Developer: Telltale Games, Gearbox Software
Publisher: 2K Games
Release Date: March 17th, 2015
Available On: Mobile, PC, PlayStation 3, PlayStation 4, Xbox 360, Xbox One
The first episode of Tales From the Borderlands, Zer0 Sum, was one of my biggest surprises of 2014. It was a fantastic combination of humor and drama, all rolled into the Borderlands setting. After a long delay we finally got Atlas Mugged, the second chapter to Tales From the Borderlands. Good news: my worries of a quality drop were unfounded.
Atlas Mugged picks up directly where Zer0 Sum leaves off: Rhys, Fiona, Vaughn, and Sasha have just found a mysterious map leading to an Atlas project no one really understands, and Rhys is now seeing images of a ghostly Handsome Jack. If that wasn’t bad enough, Hyperion CEO Vasquez is now personally hunting Rhys and Vaughn, while Fiona and Sasha have to deal with Borderland’s resident badass assassin Athena. The latter scenario is actually really cool, as up until now Athena has always been an ally of the Borderlands protagonists. As a whole Atlas Mugged’s plot is another success for Tales From the Borderlands. It moves the story forward more in interesting ways while still keeping the humor of Borderlands intact. This is one of the few games I have genuinely laughed at in a while.
Atlas Mugged plays about how you’d expect it: you’ll explore the environment a little, solve a couple really simple puzzles, participate in a bunch of quick time event action scenes, and make dialogue choices that effect how characters think of your character. To get this out of the way now, since its been one of my most common complaints about Telltale’s recent efforts, yes the quick time events work perfectly. They’re a little repetitive, there’s a lot of quick time events that boil down to “highlight the object and press R2 while characters dive to catch it in slow-mo”, but there’s nothing offensively broken or problematic. One impressive mid-game chase sequence has Fiona and Sasha fleeing from Athena, ducking and dodging her shield while trying to decide weather to stick together or split up to throw her off. An early game sequence has the four cast members trying to escape from a giant Rakk Hive, dodging moonshots from Hyperion’s moon base, and trying to keep each other from falling out of their car. All of this is set to Shawn Lee’s Ping Pong Orchestra’s awesome song Kiss the Sky. While Atlas Mugged may not be as action-filled as Zer0 Sum, when it does it it does it right and each scene had me on the edge of my seat.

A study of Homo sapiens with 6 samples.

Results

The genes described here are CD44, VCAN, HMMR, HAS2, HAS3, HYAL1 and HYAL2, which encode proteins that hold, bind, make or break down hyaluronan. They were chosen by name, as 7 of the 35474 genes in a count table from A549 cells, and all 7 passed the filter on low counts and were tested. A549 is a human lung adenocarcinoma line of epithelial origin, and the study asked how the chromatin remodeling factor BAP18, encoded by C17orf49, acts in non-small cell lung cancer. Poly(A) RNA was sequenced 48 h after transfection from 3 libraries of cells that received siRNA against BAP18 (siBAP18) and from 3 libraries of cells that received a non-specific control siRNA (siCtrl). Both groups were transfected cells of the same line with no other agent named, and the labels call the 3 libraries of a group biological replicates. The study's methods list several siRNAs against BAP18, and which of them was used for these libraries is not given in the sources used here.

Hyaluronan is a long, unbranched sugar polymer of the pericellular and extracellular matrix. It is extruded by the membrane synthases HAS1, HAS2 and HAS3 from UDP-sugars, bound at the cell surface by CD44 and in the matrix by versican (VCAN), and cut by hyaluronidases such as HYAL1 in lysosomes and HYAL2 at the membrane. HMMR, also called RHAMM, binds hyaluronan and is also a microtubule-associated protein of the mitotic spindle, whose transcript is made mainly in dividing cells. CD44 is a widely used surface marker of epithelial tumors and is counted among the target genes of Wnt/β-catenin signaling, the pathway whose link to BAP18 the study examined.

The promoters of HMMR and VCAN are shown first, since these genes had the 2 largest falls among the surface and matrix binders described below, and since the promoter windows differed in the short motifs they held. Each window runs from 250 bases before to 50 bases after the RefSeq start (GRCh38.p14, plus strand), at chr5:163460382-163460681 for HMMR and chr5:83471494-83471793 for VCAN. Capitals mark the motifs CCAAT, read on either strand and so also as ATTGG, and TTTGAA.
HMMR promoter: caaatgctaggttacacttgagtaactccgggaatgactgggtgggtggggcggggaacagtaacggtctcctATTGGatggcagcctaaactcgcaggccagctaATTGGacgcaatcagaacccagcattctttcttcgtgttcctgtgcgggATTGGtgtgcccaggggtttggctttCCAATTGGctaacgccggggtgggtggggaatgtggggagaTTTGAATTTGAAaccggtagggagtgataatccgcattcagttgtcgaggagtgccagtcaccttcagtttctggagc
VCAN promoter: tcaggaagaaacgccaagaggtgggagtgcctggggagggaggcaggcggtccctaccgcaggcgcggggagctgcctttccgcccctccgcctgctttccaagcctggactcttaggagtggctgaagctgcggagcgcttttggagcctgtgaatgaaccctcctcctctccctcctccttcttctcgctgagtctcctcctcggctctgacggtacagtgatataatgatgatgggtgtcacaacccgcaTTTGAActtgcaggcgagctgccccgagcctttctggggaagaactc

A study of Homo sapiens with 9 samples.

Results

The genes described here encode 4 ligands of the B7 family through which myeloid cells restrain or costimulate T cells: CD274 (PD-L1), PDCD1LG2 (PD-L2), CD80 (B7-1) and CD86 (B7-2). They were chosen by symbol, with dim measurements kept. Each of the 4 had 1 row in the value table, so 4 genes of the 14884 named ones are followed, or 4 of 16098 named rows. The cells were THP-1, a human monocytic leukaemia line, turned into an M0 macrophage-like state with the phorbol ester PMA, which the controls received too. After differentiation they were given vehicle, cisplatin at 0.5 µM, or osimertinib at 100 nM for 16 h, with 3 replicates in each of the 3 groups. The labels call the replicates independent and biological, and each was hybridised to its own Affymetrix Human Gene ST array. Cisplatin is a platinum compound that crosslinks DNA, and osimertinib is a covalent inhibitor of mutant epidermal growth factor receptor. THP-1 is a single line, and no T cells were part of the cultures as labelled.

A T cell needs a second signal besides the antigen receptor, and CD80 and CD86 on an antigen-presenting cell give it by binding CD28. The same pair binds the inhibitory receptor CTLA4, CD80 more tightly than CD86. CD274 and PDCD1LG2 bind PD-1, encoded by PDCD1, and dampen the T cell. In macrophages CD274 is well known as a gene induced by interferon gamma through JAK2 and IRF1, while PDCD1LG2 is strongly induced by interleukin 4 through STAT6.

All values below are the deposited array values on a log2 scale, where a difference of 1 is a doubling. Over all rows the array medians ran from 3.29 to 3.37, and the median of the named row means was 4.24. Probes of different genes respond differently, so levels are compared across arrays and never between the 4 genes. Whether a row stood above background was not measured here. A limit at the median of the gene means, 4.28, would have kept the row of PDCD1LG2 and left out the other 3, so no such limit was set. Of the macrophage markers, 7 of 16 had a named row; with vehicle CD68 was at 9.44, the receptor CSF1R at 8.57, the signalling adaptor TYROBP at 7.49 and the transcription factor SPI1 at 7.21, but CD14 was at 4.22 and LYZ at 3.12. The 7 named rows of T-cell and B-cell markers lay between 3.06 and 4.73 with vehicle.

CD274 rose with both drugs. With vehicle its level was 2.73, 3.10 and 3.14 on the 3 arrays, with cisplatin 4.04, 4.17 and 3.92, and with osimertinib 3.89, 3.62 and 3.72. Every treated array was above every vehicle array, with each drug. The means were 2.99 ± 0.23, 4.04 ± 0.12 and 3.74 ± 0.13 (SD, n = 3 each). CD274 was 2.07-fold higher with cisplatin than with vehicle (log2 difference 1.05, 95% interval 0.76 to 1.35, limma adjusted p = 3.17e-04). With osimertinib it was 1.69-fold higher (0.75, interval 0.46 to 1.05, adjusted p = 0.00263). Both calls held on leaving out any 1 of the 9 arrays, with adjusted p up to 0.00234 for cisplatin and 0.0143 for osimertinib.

It also makes far better use of Rhys’ special ability: the Echo Eye. In Zer0 Sum it was basically useless outside of getting flavor text for certain objects. This time around Rhys uses it several times to get out of bad situations and solve puzzles. Handsome Jack upgrades it to basically be useful, and one segment of the game allows Rhys to use it to follow wires to find hidden control panels to open up a secret door. Another part has him using it to get out of a sticky situation. While the Echo Eye sees more use, Fiona’s money is still worthless. You can use it to make the car look a little different, but it doesn’t really have any bearings on game play and outside of that one time I can’t think of any other point where the money was good for anything. It’s a shame seeing the mechanic go to waste so far, but there’s still three more episodes where this can hopefully be fixed.
Atlas Mugged manages to continue the fantastic momentum started with Zer0 Sum. While Telltale may also be putting out their Game of Thrones game based on the more popular IP, I’m finding Tales From the Borderlands to be much more entertaining. So far not only is this tale worth telling, but it’s also worth listening to.